The Medieval-era fairy tale JACK THE GIANT SLAYER is big on visuals but stumbles in key places.
JACK THE GIANT SLAYER is one of those films which you can understand why it didn't receive a dance card to the Summer Blockbuster party. Exciting in parts but full of blah malaise in many others, Jack is disappointing in its totality and nearly offensive in its willingness to rip off other films.
Jack (Nicholas Hoult, Warm Bodies) is a poor young farmhand, a dreamer raised on fairy tales of giants and far-away adventures. Although his uncle's farm is on the brink of failure, he still dreams of experiencing the glories he read about as a child. In many ways, he's not very different from Princess Isabelle (Eleanor Tomlinson, Alice in Wonderland), who's similarly spellbound as she receives the same stories in her father's opulent castle. Unaware these tales actually existed, Isabelle and Jack learn of giants who roamed the Earth long ago, engaging mankind in a war made possible by huge magic bean stalks that linked the human world to those located in the clouds above. Since then, the giants have retreated to their prison in the sky, planning their next assault while the attacks became the stuff of legend on Earth.
When those same giants return, via an evil deception by the king's adviser Lord Roderick (Stanley Tucci, Captain America: TFA), mankind once again summons its strength against an enemy it cannot defeat by strength alone. Their only hope is the long-lost magic crown that can control the minds of the giants, which led to their first defeat all those years ago. When one of the beans sprouts a new stalk into the sky, taking Isbaelle with it, King Brahmwell (Ian McShane, Snow White and The Huntsman) summons Elmont (Ewan McGregor, Star Wars: Episode III) and his elite team to find her. They are unaware that Roderick holds the magic crown, and that he's planning to usurp Brahmwell once he controls the giants. When Elmont and Jack learn of Roderick's plan, they seek to free Isabelle and warn the kingdom before it falls to the impending attack.
On paper, Jack looks poised for a dominating opening and a good run through the Spring: it's directed by Bryan Singer (Superman Returns), written by The Usual Suspect's Christopher McQuarrie, and sports an all-star cast. But planning only gets one so far, and Jack suffers greatly under several avoidable inhibitors. McQuarrie's script takes on too many liberties with the original story, trading the cow for a horse, and placing Jack in the middle of a theft-gone-awry as a monk tries to steal the beans from the castle keep. McQuarrie should also be flogged for introducing what could be worst character of the year in the two-headed giant Fallon (voiced by Bill Nighy and John Kassir). What's so unforgivable here is that the smaller head looks and sounds just like LOTR's Gollum; frankly, I'm surprised the studio wasn't sued for its illegal use of the likeness. Every time he appeared, our test audience belted out uncontrolled laughter as if they too recognized the connection.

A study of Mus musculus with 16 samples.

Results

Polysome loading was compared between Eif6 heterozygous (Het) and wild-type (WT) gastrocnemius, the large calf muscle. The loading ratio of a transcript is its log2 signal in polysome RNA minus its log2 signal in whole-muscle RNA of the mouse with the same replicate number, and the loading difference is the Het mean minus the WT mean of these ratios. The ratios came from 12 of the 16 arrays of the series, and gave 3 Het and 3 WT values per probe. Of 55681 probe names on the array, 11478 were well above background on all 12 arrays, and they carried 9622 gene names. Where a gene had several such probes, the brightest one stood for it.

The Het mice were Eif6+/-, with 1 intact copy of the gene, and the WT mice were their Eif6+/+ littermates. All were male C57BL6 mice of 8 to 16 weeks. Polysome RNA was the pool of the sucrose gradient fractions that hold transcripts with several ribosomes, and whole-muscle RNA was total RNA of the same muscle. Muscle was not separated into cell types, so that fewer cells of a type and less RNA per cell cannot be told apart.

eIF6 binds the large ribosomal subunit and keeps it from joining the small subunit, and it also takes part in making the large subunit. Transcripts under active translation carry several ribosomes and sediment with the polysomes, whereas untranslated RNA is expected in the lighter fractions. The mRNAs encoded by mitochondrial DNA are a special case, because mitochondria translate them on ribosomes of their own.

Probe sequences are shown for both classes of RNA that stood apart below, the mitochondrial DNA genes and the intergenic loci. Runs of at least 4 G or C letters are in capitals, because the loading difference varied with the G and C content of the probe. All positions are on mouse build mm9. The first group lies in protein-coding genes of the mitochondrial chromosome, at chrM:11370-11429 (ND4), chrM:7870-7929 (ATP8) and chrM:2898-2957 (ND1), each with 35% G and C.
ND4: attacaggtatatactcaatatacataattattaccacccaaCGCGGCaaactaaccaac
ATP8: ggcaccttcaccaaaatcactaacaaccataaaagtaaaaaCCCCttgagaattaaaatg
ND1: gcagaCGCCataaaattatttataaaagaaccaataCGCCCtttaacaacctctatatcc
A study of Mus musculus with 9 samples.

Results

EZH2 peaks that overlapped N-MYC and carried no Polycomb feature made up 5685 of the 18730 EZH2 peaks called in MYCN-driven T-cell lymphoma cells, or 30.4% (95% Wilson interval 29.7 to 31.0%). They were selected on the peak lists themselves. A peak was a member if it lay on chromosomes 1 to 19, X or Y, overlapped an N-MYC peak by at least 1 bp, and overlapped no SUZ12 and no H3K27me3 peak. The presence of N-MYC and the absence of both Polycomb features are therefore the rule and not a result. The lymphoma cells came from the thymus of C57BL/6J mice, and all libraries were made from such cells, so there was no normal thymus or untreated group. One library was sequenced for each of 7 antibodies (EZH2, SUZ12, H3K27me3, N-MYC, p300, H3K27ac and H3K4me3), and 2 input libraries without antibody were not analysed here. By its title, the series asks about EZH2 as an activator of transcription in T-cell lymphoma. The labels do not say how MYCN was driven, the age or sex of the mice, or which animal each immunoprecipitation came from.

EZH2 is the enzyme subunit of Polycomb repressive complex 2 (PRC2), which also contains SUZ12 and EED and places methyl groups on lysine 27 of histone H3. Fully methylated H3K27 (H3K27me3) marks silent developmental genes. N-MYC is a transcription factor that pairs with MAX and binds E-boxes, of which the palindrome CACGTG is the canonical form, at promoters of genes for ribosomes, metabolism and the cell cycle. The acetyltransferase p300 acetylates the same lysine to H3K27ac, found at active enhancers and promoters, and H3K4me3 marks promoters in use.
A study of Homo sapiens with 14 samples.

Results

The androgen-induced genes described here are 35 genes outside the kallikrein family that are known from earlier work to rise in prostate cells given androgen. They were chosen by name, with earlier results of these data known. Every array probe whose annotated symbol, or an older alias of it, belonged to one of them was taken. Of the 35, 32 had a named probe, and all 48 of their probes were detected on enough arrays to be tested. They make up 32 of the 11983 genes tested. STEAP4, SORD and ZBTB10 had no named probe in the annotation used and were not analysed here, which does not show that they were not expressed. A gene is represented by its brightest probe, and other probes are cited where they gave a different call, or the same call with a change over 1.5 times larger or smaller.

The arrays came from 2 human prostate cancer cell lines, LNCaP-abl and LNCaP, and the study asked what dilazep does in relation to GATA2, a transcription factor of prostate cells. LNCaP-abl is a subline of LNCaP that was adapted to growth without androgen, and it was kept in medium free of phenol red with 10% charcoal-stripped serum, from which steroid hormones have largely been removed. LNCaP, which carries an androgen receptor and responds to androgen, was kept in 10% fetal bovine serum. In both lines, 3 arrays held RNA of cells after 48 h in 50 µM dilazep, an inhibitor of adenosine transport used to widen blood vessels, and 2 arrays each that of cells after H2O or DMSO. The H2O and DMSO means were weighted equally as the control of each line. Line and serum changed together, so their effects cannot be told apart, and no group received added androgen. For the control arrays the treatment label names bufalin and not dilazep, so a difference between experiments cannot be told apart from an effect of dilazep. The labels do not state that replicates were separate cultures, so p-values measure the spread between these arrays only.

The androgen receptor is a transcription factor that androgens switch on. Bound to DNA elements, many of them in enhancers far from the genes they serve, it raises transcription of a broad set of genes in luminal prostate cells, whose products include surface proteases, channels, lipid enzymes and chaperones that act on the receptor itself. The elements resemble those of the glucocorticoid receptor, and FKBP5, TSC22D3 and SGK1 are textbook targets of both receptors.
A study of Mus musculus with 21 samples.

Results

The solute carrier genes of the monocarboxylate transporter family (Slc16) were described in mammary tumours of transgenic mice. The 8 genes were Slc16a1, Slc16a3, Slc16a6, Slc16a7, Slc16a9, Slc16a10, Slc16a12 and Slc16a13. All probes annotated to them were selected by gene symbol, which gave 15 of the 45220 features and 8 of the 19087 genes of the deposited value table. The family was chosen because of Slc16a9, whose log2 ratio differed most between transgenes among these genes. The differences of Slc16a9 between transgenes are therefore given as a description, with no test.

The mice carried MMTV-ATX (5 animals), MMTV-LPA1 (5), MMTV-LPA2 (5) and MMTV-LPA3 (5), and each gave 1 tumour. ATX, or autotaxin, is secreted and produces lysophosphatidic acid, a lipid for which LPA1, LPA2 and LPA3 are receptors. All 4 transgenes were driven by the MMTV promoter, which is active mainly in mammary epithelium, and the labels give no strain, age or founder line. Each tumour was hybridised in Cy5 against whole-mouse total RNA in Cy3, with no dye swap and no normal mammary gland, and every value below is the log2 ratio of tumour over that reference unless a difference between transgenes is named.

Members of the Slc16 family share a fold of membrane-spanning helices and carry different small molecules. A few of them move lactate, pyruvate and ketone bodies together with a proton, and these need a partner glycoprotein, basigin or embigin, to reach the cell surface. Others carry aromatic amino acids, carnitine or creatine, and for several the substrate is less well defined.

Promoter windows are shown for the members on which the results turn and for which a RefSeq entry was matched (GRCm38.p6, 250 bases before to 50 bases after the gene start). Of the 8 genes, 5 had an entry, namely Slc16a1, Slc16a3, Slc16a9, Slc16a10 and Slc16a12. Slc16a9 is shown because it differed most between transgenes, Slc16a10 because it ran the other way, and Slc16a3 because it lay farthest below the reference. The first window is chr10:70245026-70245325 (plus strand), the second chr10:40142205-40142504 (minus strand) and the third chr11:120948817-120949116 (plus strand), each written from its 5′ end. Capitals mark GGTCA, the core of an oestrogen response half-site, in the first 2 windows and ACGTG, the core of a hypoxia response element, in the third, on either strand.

Hoult and McGregor have good chemistry, but never have time to dramatically gel on-screen, instead constantly reacting to imagined action in front of a green screen. Tomlinson's performance is throw-away, but that's partially to blame on McQuarrie's paper-thin character development. All of this cumulatively builds up to a final action piece that's fun but instantly forgettable the moment the lights come on. In fact, nothing about Jack will stick with you. Hoult is a rising young star with a good career ahead of him, but Tomlinson needs to separate herself from the growing crowd of 20-year-old hottie actresses. That won't be easy, especially when we're left knowing almost as little about her after Jack than before the lights dimmed. McGregor is his usual post-Obi Wan badass, and Tucci is serviceable but quickly fades from memory. Singer's action feels like a diet version of LOTR, but his lack of command of basic human emotions turns the movie into an over-stuffed re-imagined fairy tale that's full of action but little else.
Jack the Giant Slayer is decent, meaningless fun, but the Gollum-wanna-be and the flat replaceable performances by Tomlinson and Tucci tend to weigh things down. Jack is the perfect example of a well-intentioned film that looks good on paper but misses in its execution. Eight- to ten-year olds will enjoy it, while teens might disappear to see the better D&H: Witch Hunters. Jack isn't terrible, but it gets pretty full of malaise going down the stretch. See it in the theater before word gets out, for it could see an early exit. Jack the Giant Slayer is rated PG-13 and has a runtime of 114 minutes.